Welcome to MyNeChimKi’s Advent Calendar of Christmas Memories! Thanks to Geneabloggers for developing these fantastic prompts for some holiday spirited blogging. Over the next month we’ll be blogging about some of our fondest Christmas memories.
Today’s topic: Grab Bag #1: Pears, Pecans, and Pine Needles
Plentiful Christmas Tradition
Our family isn’t terribly different than many others. We love food just as much as the next family, and many of our Christmas traditions center around “holiday” food. However, I suspect that our holiday food might be a bit different than others. Like, how many families do you know that bond, tell stories, and share quality time around a trash can? Yes, that’s right, I said trash can.
I’m not talking about scraping plates after the Christmas feast. Actually, it just so happens that Schley Pecan season just happens to coincide with the Christmas Holiday season. Every year a big box of Schleys appears on the door step and we tear into that box! Somewhere in the kitchen is flat dish of sorts that proudly displays some gorgeously, smooth in-shell pecans. Various cracking instruments lay strewn around and you can always find one family member or another cracking away. Sometimes we don’t even talk… just stand around and crack open shells. But Scheleys are always part of the festivities.
Oh, and being from the South, it’s pronounced: Pee-Kahn…
As far back as I can remember a box of Christmas Pears would arrive on our doorstep right before Christmas. I’d be lying if I said that it was exciting to me as a kid. I was quite a picky child and refused to try anything that didn’t pass the “squeeze” test (the “squeeze” test was cultivated when I was just a mere babe cultivating my very first tastes of food, but the results persisted for quite some time). Pears, unfortunately, did not pass. But I clearly remember these Christmas Pears being an integral part of the Christmas Holiday.
First, the box was perfect for storing ornaments. I was just the perfect size and it came with two green foam pieces that cushioned the top and bottom of the box, excellent protection for some of the more delicate pieces. I remember the foam had a very distinct smell to it. But the best part was that the pears were wrapped in beautiful tissue paper. And at least one was wrapped on the outside of the tissue with a glimmering gold foil.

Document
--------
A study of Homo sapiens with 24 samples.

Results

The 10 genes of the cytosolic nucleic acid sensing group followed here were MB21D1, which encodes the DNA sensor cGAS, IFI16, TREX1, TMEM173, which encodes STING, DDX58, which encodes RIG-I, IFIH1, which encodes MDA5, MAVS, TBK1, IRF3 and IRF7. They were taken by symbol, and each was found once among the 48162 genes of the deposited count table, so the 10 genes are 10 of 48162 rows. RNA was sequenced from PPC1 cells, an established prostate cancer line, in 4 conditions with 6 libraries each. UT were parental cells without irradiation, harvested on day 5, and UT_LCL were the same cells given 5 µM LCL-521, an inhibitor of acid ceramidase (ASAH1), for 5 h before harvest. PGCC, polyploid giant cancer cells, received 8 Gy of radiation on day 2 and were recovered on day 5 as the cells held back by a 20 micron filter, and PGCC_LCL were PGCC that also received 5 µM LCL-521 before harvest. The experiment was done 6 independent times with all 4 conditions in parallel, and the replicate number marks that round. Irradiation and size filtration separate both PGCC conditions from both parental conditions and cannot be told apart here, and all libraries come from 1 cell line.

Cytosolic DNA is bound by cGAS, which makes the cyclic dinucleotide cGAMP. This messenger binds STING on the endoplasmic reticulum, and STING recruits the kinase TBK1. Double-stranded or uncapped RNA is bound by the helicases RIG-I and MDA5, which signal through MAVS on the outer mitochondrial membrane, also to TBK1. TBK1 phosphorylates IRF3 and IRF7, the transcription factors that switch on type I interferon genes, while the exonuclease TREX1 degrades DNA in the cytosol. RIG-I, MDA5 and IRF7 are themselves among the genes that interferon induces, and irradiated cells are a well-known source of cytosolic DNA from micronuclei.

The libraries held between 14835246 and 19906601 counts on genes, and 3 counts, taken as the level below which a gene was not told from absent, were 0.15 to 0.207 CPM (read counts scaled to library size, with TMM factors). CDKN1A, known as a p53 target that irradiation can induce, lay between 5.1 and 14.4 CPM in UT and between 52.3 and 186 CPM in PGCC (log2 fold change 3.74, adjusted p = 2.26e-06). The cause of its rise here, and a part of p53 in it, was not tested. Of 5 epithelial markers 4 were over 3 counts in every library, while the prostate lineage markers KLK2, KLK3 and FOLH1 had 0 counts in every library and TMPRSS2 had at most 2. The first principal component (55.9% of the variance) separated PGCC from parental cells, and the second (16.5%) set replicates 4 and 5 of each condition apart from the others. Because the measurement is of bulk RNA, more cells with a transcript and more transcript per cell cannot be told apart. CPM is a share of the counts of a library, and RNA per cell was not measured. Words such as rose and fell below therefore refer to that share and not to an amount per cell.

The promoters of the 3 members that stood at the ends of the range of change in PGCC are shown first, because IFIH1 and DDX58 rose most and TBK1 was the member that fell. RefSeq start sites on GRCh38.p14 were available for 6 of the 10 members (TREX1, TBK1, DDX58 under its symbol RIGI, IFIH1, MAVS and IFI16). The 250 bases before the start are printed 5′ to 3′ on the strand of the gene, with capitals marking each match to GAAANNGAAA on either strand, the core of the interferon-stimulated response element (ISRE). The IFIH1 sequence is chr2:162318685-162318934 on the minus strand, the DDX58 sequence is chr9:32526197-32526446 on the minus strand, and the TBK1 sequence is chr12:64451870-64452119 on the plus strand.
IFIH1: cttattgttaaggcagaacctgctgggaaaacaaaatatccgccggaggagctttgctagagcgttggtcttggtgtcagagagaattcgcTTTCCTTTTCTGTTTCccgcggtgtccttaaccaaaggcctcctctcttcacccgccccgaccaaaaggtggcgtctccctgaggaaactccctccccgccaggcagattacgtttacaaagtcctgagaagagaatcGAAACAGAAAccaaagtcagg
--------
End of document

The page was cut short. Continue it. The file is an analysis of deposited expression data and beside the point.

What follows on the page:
As an adult I have come quite a ways from my “squeeze test” days and I was happy to receive my very own box of Christmas Pears last year in the mail from my grandfather. I felt so adult and included when it arrived, and I enjoyed unwrapping the glimmering gold foiled pear all for myself!
I should have been more specific and said Douglas Fir needles, but that would have ruined my alliterative post title. Our family has been long steeped in the tradition of real Christmas trees. It really wasn’t Christmas until you got that first whiff of Evergreen. Every year that my uncle Phillip came home to Arkansas, my grandparents erected a real tree. There is a story that circulates the family that Phillip was so enamored of Christmas Trees that he went all around the neighborhood after Christmas was over and collected up all the cast out rejects at the end of people’s streets. He brought them all home and built a little Christmas Tree forest on my grandparents’ porch.
Our family still puts up live trees when we’re staying home for Christmas. Despite the pain and torture of endless vacuuming of fallen needles, the hazards of kitties climbing, swinging, and sleeping amongst the limbs, and the fact that more often than not our tree is swathed in an old blanket rather than a glamorous Christmas Tree skirt, we still love the traditional real fir.